Rockets combo forward Terrence Jones, who is reportedly a trade candidate, has had his playing time reduced after the acquisition of Josh Smith. Jones has struggled mightily lately, something interim coach J.B. Bickerstaff blames himself for, Jonathan Feigen of The Houston Chronicle notes. “He’s had a tough streak and I think it’s because of the trade that we made, the inconsistent minutes,” Bickerstaff said regarding Jones. “He hasn’t changed his routine. We had early success with Josh coming in. We won those three games in a row so Josh was getting more and more of those minutes. I’ll take the responsibility for his inconsistency because his minutes have been inconsistent. That’s on me. We have to blend those guys. When healthy, we have a lot of bigs that can help and contribute. Terrence believes in himself. We believe in Terrence. His confidence isn’t wavering.”
Jones readily admits the role change has been difficult for him, Feigen adds. “It’s tough not knowing and it’s tough to mentally prepare,” Jones said. “I’m just trying to … get wins. Whether he is comfortable playing me the first four minutes or the last four minutes, I can’t control that. The only thing I can control is being there for my teammates and going as hard as I can when I get in. But I definitely believe it’s hard to have a strong roll with inconsistent minutes.” The 24-year-old is eligible to become a restricted free agent after the season.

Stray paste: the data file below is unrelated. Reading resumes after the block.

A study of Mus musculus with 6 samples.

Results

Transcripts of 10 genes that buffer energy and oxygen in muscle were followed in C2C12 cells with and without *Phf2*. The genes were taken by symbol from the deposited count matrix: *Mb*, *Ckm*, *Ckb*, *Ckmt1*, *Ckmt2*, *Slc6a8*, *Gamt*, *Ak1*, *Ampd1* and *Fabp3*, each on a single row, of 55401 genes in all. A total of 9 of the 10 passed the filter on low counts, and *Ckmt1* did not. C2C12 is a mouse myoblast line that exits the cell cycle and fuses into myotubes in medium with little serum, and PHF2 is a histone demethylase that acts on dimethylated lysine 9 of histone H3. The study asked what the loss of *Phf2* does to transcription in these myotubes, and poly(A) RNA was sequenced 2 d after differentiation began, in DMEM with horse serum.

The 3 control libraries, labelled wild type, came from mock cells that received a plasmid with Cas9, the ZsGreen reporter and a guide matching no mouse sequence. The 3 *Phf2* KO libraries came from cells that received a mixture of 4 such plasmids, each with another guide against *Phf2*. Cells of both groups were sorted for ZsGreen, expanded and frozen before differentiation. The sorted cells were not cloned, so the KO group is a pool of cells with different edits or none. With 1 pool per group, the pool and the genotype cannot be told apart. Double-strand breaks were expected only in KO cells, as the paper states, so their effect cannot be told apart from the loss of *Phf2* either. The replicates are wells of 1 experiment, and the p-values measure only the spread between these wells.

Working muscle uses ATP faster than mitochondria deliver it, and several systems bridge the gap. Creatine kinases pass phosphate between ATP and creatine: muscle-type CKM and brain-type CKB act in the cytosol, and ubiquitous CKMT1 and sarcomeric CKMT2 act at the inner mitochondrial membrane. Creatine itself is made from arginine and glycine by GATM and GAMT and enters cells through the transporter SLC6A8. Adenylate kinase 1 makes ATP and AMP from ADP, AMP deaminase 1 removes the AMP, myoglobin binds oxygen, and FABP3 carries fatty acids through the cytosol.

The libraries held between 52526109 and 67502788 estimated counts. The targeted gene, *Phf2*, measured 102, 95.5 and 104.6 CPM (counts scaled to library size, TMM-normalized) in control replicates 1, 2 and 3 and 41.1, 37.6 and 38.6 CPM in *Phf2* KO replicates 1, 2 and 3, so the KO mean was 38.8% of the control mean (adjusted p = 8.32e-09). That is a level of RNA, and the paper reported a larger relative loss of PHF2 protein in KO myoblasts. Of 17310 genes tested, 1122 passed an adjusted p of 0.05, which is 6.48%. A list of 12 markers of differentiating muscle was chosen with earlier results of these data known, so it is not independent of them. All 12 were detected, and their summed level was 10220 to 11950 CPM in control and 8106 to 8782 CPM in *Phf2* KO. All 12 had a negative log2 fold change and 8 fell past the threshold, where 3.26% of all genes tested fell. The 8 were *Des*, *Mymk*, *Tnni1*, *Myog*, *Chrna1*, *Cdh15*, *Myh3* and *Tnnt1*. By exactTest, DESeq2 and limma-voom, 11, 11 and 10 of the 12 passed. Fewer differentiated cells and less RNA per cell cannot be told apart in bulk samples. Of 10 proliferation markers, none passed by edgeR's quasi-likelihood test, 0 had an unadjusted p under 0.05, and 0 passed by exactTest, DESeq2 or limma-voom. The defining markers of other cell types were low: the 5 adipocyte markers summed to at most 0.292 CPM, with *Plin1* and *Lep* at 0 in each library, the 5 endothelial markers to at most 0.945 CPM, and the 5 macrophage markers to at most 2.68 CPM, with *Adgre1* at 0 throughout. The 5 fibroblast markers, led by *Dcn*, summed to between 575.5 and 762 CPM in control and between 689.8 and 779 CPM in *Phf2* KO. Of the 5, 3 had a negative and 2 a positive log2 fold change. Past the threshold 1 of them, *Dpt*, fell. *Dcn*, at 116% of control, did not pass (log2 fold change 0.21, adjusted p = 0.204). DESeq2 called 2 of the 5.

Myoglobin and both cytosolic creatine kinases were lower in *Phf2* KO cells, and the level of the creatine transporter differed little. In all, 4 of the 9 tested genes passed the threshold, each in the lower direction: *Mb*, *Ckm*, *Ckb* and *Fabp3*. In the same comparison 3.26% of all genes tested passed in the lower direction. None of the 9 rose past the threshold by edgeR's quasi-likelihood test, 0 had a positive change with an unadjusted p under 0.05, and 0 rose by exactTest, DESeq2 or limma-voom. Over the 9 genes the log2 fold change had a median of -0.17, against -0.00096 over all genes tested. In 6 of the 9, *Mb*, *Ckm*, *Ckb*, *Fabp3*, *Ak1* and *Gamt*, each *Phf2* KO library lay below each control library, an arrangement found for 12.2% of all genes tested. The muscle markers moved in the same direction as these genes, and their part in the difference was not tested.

Here’s more from Houston:
- The NBA suspended Dwight Howard one game for shoving the arm of an official during Saturday’s game, as the league announced and as Feigen reported (Twitter link). The punishment costs Howard $203,267 but saves the Rockets about $150K in projected luxury tax payments, notes Bobby Marks of The Vertical on Yahoo Sports (Twitter links). Houston has saved about $725K in projected tax this season through suspensions to Lawson and Howard, Marks adds.
- The more games the Rockets play without Kevin McHale on the sidelines, the better the former coach looks, Jerome Solomon of The Houston Chronicle opines. The team entered the 2015/16 season with unrealistic expectations based on McHale getting more out of the roster last season than he should have, which then led to his termination after that level of performance wasn’t replicated this campaign, Solomon adds. Without McHale, whose ability to balance old-school values alongside managing modern player egos was underrated, the team has taken on a propensity to blame outside forces for its woes, the Chronicle scribe argues.
Chuck Myron contributed to this post.